Vine vs. Instagram Video and What it Means for Business

By Sarah Lokitis | Jun 27, 2013
More Articles by Sarah


We were recently asked:

What opinions do you have about the recent Instagram video feature, other popular short form video apps…and the impact they’ll have for businesses?

Online video is a great way to engage with your audience, and the success of  YouTube and Vimeo demonstrates that people really love watching video. In fact, 85% of the US Internet audience watch videos online! Attention spans online are shorter and you may agree with me that it’s sometimes easier to watch a video than read an article. YouTube says that “over 6 billion hours of video are watched each month…that’s almost an hour for every person on Earth, and 50% more than last year”! With video trends on the rise and new ways to mark up video in search results, it only makes sense that video would be the next big trend in social media. The battle between Vine and Instagram is the most recent example demonstrating the growth in social video sharing:

Vine vs. Instagram

Vine

You may have heard of Vine – the video mobile service, owned by Twitter. Like Twitter, Vine places a cap on the length of the post, begging you to be creative with how you use the time. A lot of stop motion Vine videos have been posted, capturing the creativity Twitter means to inspire. Vine is set up for looping auto-play and lets you share on Facebook and Twitter and since you can embed it the videos to your site or blog may receive SEO benefit. See Dove’s first Vine post below:

Instagram

Instagram (or insta-video as I like to refer to it!) allows for 15 seconds of videos (with image stabilization) with the filters we have all grown to love on the original Instagram. There is the ability to share the videos on Facebook, Twitter, Tumblr, Flickr, email, and Foursquare and also tag a location. Instagram won’t yet allow you to embed videos to your site, but you are given a profile that can help you own your branded search results, which is another search optimization technique. Here is a still from Lululemon on Instagram – just click the image to check out their video:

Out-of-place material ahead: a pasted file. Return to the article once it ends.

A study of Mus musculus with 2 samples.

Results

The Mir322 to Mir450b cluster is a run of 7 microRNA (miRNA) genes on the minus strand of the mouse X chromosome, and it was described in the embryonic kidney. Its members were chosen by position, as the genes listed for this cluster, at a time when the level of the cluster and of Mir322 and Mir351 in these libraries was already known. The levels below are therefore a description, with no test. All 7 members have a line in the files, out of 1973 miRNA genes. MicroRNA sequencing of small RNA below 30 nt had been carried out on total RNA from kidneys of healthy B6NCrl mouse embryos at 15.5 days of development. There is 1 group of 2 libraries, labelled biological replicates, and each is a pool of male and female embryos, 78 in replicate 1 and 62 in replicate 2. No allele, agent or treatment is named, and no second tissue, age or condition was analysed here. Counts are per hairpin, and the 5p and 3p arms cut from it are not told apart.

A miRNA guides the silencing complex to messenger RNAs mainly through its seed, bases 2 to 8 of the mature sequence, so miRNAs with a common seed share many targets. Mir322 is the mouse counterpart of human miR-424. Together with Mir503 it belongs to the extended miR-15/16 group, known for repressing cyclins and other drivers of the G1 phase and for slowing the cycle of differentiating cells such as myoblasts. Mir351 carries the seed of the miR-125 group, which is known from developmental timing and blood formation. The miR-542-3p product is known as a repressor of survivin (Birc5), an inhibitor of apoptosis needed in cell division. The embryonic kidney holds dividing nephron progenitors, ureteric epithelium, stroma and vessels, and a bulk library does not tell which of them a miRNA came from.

Lululemon Instagram Video

Instagram’s video addition has received mixed reviews:

The Good: “What makes it [Instagram video] arguably more valuable for brands is Instagram’s existing bigger user base, especially for brands who have built Instagram followers, and the ability to apply filters,” says Mark Holden, head of futures at media planning and buying agency Arena. “15 seconds also starts to take it into advertising-length formats, so it opens the possibility of putting a bit more craft into video in a way that we can already with Vine, but could grow into a tool for making reactive advertising that could be distributed beyond Facebook or social media.”

The Bad: “Instagram is a yearbook of our most memorable moments, not because they’re the moments worth remembering, but because they’re the moments worth projecting and sharing. …Video, at least the amateurish footage I shot, is the antithesis of that fantasy.”

What do these video tools mean for business?

In a recent Search Engine Watch post, Unruly COO and co-founder, Sarah Wood, said:

“Mobile video consumption tripled in 2012; video is the fastest growing ad format worldwide. Brand marketers who are serious about their content marketing strategy understand that there’s more to social video success than a YouTube view count. The social video ecosystem is developing rapidly to meet changing consumer habits and brands can now embrace a multitude of platforms across a fragmented media landscape to reach and engage their audiences wherever they’re discovering and sharing videos.”

I believe that both video tools will continue to flourish and brands will continue to integrate them into their social strategy. As Michelle Doty explained earlier this month, with the convergence of social networking sites – more video and more hashtags – businesses need to decide whether video will fit into their greater social media marketing and content strategies. What tools they use doesn’t really matter, but these video tools allow for businesses that don’t have thousands of dollars to throw at video creation a way to engage with their customers and provide behind the scenes looks into a day at their company, a launch of a new product, etc. Sure, people will choose the medium they like best and maybe even talk trash about the other, but as content creation is increasingly the way to grow and engage with your fan base to ultimately generate leads, these tools are here to stay.

What do you think about Vine and Instagram? Are you using these platforms for your business? I’d love to see what you’ve created! I’m on Twitter @Lokitis or feel free to comment below!